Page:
IEC 61672 – A Standard for Sound Level Meters Explained

The current standard for sound level meters, IEC 61672, is published in three parts. Here our explanation of IEC 61672 and what these parts mean for sound level meters.

The first part, Part 1, details the performance characteristics that a Class 1 or Class 2 sound level meter should have.

Part 2 is used by test laboratories, such as the PTB in Germany, to test instruments to ensure that they do indeed meet the manufacturers claims. This is known as Type or Pattern Approval.

Part 3 details test that can be carried during a periodic verification.

Below are the detailed description of each part of the IEC 61672 standard:

Part 1 – Electroacoustics – Sound level meters – Part 1: Specifications 

Gives electroacoustical performance specifications for three kinds of sound measuring instruments: – a conventional sound level meter that measures exponential time-weighted sound level; – an integrating-averaging sound level meter that measures time-average sound level; and – an integrating sound level meter that measures sound exposure level. A single instrument may make any, or all, of the three kinds of measurements.

Two performance categories, class 1 and class 2, are specified in this standard. In general, specifications for class 1 and class 2 sound level meters have the same design goals and differ mainly in the tolerance limits and the range of operational temperatures.

Tolerance limits for class 2 specifications are greater than, or equal to, those for class 1 specifications. Sound level meters conforming to the requirements of this standard have a specified frequency response for sound incident on the microphone from one principal direction in an acoustic free field or from random directions.

Part 2 – Electroacoustics – Sound level meters – Part 2: Pattern evaluation tests

Provides details of the tests necessary to verify conformance to all mandatory specifications given in IEC 61672-1:2002 for conventional sound level meters, integrating-averaging sound level meters and integrating sound level meters.

Pattern evaluation tests apply for each channel of a multi-channel sound level meter, as appropriate. Tests and test methods are applicable to class 1 and class 2 sound level meters. The aim is to ensure that all testing laboratories use consistent methods to perform pattern evaluation tests.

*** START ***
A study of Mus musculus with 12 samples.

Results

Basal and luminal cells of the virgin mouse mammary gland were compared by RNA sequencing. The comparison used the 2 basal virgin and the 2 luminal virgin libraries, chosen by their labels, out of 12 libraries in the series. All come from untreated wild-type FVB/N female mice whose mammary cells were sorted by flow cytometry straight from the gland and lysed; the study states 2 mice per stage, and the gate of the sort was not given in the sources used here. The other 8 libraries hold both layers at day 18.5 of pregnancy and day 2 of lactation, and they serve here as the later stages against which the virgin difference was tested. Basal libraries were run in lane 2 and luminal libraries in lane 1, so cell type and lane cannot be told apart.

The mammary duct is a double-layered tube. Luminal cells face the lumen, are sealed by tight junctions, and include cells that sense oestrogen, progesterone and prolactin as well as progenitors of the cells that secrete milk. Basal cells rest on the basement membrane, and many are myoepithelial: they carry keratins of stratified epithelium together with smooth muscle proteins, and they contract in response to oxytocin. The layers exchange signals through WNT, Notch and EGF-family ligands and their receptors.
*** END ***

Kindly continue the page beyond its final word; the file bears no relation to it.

Part 3 – Electroacoustics – Sound level meters – Part 3: Periodic tests

Describes procedures for periodic testing of conventional, integrating-averaging, and integrating sound level meters conforming to the class 1 or class 2 requirements of IEC 61672-1:2002.

The aim of the standard is to ensure that periodic testing is performed in a consistent manner by all testing laboratories.The purpose of periodic testing is to assure the user that the performance of a sound level meter conforms to the requirements of IEC 61672-1:2002 for a limited set of key tests and for the environmental conditions under which the tests were performed.

The extent of the tests in this part of IEC 61672 is deliberately restricted to the minimum considered necessary for periodic tests. Periodic tests described in this part of IEC 61672 apply to sound level meters for which the model has been, or has not been, pattern approved by an independent testing organization responsible for pattern approvals and in accordance with the test procedures of IEC 61672-2:2003.

Periodic tests described in this part of IEC 61672 also apply to sound level meters for which the manufacturer claims conformance to the requirements of IEC 61672-1. Because of the limited extent of the periodic tests, if evidence of pattern approval is not publicly available no general conclusion about conformance to the requirements of IEC 61672-1:2002 can be made, even if the results of the periodic tests conform to all applicable requirements of this part of IEC 61672.

If you have any questions, we would be delighted to hear from you.

Clarke Roberts

Senior Marketing Executive at Cirrus Research plc
Clarke is a Senior Marketing Executive and is responsible for helping people to find Cirrus Research's innovative noise measurement solutions by using all aspects of the marketing mix.

He particularly enjoys writing content about product applications, including noise nuisance, occupational noise and environmental noise pollution.